March 23, 2017 Blog, Featured, News No Comments

ACRES co-founder, Jane Dustin, second from left, helped to pass Indiana’s Nature Preserve Act that was written by co-founder Jim Barrett. Here, she celebrates the original sign-hanging of the state- dedicated Edna W. Spurgeon Woodland Reserve in Noble County, ACRES’ first protected land.

2017 marks the 50th anniversary of Indiana’s Nature Preserves Act that protects more than 50,000 acres of Hoosier natural heritage in 70 of the state’s 92 counties.  The legislation created the Division of Nature Preserves of the Department of Natural Resources which partners with nonprofits and other agencies. ACRES Land Trust’s founders wrote and helped the law pass in March, 1967.

“It was a bold Act at a time when society was in turmoil,” says Jason Kissel, executive director of ACRES, Indiana’s oldest and largest local land trust. “This was an unusual thing to do. We’re proud of our role in creating the legislation. We’re excited, too, because it’s only been 50 years – we’re just getting started.”


Attorney James M. Barrett III, an ACRES founder, wrote Indiana’s Nature Preserves Act, based in part on similar legislation from neighboring Illinois and Iowa. ACRES founders Tom and Jane Dustin and William and Ethyle Bloch, as well as additional ACRES members and conservation advocates, worked with legislators to secure support for the law. Indiana’s Act was unique in that it allows any land owner to dedicate, or permanently protect, land with the state.

“The Nature Preserve Act allows local organizations like ACRES to save natural areas in their own communities,” says John Bacone, director, Division of Nature Preserves, Indiana Department of Natural Resources. “The state couldn’t purchase all of these places or put the necessary resources into managing them. The Act encourages local collaboration.”

As of January 2017, the Nature Preserve Act protects 274 state-dedicated nature preserves owned by 46 different entities, including DNR Divisions, Land Trusts, City and County Park Departments, and colleges and universities. The Division’s goal is to offer benefits from the scientific, aesthetic, cultural and spiritual values these special areas possess. Nature preserves dedicated under the Act will remain in a natural ecological condition forever.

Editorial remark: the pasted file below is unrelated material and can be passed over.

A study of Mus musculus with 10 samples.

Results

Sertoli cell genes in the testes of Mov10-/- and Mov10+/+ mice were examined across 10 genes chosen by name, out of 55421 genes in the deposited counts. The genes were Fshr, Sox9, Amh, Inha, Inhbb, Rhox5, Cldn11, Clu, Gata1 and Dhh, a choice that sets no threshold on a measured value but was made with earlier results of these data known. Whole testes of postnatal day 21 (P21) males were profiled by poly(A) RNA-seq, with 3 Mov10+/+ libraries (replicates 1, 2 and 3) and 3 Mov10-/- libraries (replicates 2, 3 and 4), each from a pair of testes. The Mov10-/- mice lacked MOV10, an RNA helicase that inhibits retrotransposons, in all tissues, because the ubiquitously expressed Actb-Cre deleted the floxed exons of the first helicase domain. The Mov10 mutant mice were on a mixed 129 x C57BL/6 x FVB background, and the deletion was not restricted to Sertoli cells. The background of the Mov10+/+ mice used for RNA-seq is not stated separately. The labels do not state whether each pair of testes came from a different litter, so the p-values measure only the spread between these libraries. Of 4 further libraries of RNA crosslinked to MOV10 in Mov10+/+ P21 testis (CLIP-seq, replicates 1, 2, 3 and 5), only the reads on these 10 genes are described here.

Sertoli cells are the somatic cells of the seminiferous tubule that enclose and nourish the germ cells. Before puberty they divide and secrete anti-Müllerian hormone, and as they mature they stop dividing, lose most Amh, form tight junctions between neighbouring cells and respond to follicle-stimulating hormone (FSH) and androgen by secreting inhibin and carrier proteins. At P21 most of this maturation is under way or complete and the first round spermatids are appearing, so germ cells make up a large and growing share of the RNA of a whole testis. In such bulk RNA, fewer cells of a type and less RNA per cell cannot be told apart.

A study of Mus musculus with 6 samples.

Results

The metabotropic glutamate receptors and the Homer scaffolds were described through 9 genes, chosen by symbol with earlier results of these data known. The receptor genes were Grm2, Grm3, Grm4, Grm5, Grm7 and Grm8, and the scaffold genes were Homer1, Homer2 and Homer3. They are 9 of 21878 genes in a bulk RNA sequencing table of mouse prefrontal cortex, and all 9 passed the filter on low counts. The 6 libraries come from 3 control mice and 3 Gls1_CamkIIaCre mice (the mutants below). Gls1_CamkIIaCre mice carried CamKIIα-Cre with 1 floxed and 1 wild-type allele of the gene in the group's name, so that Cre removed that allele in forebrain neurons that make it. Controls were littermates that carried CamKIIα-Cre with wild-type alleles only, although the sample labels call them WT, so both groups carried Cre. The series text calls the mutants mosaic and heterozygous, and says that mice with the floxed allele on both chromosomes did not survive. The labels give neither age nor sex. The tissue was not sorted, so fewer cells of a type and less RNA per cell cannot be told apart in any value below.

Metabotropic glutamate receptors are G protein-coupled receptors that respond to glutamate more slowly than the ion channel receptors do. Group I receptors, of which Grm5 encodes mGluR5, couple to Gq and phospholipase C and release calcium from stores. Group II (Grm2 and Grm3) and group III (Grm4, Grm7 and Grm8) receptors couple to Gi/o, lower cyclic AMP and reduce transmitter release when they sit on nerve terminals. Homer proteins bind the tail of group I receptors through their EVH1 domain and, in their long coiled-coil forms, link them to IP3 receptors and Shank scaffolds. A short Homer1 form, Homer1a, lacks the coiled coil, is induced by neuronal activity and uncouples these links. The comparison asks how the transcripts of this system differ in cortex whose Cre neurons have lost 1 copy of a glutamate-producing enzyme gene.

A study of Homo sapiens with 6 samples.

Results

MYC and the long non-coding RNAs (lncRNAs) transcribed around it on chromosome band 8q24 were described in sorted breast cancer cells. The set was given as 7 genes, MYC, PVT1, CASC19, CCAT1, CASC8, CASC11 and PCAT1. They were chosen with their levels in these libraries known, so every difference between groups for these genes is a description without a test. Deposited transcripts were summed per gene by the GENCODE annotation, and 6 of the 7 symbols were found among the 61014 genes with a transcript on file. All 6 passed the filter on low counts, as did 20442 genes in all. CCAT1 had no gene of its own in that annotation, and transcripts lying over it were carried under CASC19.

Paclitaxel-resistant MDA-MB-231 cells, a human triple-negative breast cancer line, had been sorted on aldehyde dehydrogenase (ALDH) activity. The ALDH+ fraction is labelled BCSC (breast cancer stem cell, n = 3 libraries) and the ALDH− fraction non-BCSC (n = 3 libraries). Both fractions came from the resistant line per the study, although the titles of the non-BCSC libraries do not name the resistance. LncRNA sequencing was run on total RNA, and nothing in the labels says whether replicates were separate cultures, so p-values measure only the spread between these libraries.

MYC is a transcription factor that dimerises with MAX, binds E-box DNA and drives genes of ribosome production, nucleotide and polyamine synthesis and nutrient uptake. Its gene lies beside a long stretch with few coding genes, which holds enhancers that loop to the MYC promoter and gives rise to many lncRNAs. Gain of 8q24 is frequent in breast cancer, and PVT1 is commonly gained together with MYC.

Hy Goldenberg, of Huntington, who later donated Tel-Hy nature preserve to ACRES, left, speaks at the 1975 state dedication of Acres Along the Wabash near Bluffton. Rolland Maxwell, also of Huntington, bending, right, donated the Wells County preserve with his wife Catherine. Bill Barnes, then Director, Division of Nature Preserves, Indiana Division of Natural Resources, is seated.

The Division of Nature Preserves catalogs Indiana’s flora, fauna and natural areas, striving to preserve places exemplary of all the natural areas and rare species habitat that occur in Indiana. They’re succeeding: Indiana’s nature preserve system protects at least one example of almost every type of the 61 natural communities that existed when Indiana was settled. At least 90 percent of the 416 plants considered endangered, threatened or rare have viable populations in Indiana nature preserves.

ACRES and the Division of Nature Preserves have partnered on many acquisitions of local natural areas, using funding from the Indiana Heritage Trust, recently replaced by the President Benjamin Harrison Conservation Trust. ACRES Land Trust’s 31 state-dedicated nature preserves protect high-quality examples of a variety of natural community types, including:

Old growth forests, Bicentennial Woods, Allen County

Geologic features, Hathaway Preserve at Ross Run, Wabash County

Swamp forest, Lloyd W. Bender Memorial Forest, Noble County

Waterfalls and cliffs, Kokiwanee, Wabash County

Kames, Edna W. Spurgeon Woodland Reserve, Noble County

Kettle lake, Lonidaw, Noble County

Floodplain forest, Fawn River, LaGrange County

Chain of lakes, Wing Haven, Steuben County

Wetland complex, Art Hammer Wetlands, Noble County

ACRES also helps to protect large landscapes such as the Cedar Creek Corridor in DeKalb and Allen Counties. Numerous endangered, threatened and rare species call these nature preserves home. In Allen County, the regional nonprofit permanently protects more than 1300 acres with 16 miles of trails.

ACRES members protect 6,353 acres of local natural area and working land in northeast Indiana, northwest Ohio and southern Michigan, forever. Explore more than 70 miles of trails, take photographs, enjoy family time, get outdoors, plan a field trip, get fit, reflect on nature’s beauty or share an adventure, for free from dawn to dusk at a preserve near you: acreslandtrust.org/preserves. Connect with ACRES Land Trust at 260-637-2273 or on Facebook at facebook.com/ACRES.LT.